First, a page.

A Million Little Things

14 Aug

A friend was pondering today over why some marriages work and others don’t. It turned into an interesting conversation.

What causes divorce? Is there a singular cause or event? Is it the self centered nature of humans? Is it immaturity?

Marriages fail for a variety of reasons. Some marriages seem destined to fail before they even get started. In some cases people choose their partners poorly. Certain situations may cause a person to feel stuck and lacking options. One may see the flaws in their partner but think that they can save them, reform them, or change them. In other cases, the partners do not respect each other or even verbally or physically abuse one another. And of course, infidelity is another cause for divorce.

Perhaps it is easier to explain what makes a marriage work instead of what makes one fail. For a marriage to be successful, both individuals need to be able and willing to put the needs of their partner and family above their own needs.

My friend returned from a weekend long religious conference on being a submissive wife. GASP! Submission??? What sort of a conference is this? In this day and age of feminism, who even believes in this sort of thing?

If you know me at all, you know that I need to feel that my voice is heard and my opinions are considered. Being submissive to anyone anywhere is the polar opposite of my personality. I’ve been challenging authority since I was a kid. The word submission makes me cringe.

I attempted to put my gut reaction to the word submission aside and listen to what my friend’s conference was all about. One explanation she made actually struck a cord with with me. She said that if a husband consistently and continually puts the needs of his wife and family above his own needs and wants in both his actions and behaviors, then a wife can comfortably submit to whatever his will may be. Without complete trust in your spouse, submission can not occur.

Aha! This actually makes sense to me. I could never feel completely controlled by someone nor could I let someone make all the decisions for me. I have seen marriages in which this works, it just isn’t something that I could handle. But when I trust that Jeff has our family’s well being in mind and is not making selfish decisions, I can agree to go along with plans that I would not normally consider. This in and of itself is growth for me. I can trust that he is making a decision that will be beneficial to our family.

When a person is self centered, instead of thinking of what is best for their spouse or family, they think about what they enjoy, what is fun, what they need. They spend their time focusing on their career, making or spending money, or hobbies. While it is not inherently wrong to focus on these things, the problem lies on the consequences. If one is going to have fun golfing with some buddies at the expense of spending time with one’s family, that is a problem. If advancing one’s career comes at a cost to one’s spouse due to the extra stresses placed on them, that is a problem. If one shops excessively or makes poor money choices impacting their family’s ability to pay bills, that is a problem.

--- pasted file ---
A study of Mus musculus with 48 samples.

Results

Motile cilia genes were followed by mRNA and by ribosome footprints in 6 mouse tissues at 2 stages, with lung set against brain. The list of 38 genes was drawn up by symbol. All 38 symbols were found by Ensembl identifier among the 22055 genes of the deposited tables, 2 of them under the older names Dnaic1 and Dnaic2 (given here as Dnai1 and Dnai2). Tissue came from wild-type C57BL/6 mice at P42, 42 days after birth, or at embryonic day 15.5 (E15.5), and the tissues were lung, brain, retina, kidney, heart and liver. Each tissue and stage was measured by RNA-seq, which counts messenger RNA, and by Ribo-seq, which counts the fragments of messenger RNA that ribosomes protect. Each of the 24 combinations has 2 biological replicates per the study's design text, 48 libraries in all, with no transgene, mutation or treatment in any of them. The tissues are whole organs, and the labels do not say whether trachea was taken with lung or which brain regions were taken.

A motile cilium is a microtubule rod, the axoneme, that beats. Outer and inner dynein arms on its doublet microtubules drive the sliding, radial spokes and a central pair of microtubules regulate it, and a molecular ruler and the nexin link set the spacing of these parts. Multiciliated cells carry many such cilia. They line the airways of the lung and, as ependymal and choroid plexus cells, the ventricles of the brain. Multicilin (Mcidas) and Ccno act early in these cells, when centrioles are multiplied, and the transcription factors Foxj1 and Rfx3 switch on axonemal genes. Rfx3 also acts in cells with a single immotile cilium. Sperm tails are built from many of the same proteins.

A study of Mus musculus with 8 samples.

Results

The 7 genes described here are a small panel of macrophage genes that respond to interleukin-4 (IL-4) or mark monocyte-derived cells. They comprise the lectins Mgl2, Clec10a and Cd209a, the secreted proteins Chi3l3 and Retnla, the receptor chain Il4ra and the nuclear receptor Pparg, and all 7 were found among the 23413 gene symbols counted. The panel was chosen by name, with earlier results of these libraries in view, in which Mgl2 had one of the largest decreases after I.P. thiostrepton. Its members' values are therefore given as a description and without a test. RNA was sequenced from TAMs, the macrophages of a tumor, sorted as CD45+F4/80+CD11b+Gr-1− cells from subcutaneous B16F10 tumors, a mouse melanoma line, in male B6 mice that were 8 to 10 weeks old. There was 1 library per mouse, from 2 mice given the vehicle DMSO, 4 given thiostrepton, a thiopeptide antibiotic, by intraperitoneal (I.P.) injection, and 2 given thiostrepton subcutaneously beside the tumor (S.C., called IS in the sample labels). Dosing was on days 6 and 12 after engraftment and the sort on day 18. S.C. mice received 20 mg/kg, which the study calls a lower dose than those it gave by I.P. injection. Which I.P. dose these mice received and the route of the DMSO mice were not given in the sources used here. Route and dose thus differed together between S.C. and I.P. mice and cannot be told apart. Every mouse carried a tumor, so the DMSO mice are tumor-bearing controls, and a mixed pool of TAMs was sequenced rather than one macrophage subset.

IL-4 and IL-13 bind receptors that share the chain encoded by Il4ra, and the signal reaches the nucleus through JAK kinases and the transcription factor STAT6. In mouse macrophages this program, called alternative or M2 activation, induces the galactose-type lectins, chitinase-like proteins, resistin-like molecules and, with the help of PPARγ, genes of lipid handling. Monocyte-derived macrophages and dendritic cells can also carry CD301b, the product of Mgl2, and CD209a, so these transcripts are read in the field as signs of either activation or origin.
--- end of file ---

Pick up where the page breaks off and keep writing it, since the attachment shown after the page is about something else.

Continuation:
Just like creating a healthy body, creating a healthy marriage requires everything in moderation. It is healthy to have ambitions, hobbies, and friends. Going out for a drink with friends every now and then is a great stress reliever. When things go to an extreme, it usually causes an imbalance in the marriage and causes turmoil.

What makes a marriage fail? It doesn’t happen overnight. It is a slow erosion, like rain on a mountain over millions of years, washing the rock down the valley until eventually the mountain crumbles. It’s a million little things. It’s disrespecting your spouse. Rude comments. Negative attitude. Lack of intimacy. Not spending enough time together. Verbal abuse. Lacking communication. Putting your needs above your spouse’s.

What makes a marriage successful? It doesn’t happen overnight. It is a slow building, like the creation of an anthill, each ant moving one grain of earth at a time. It’s a million little things. It’s a complement. Holding hands. Compromising. Listening well. Asking for opinions. Helping without being asked. Tolerating the quirks. Date nights. Talking over dinner. Taking turns. Sharing. Sex. Doing things you don’t want to because your spouse does.

In short, marriage is hard work. But it is so worthwhile. A million little things sounds like a formidable task, but start small. How about one little thing today and another little thing tomorrow?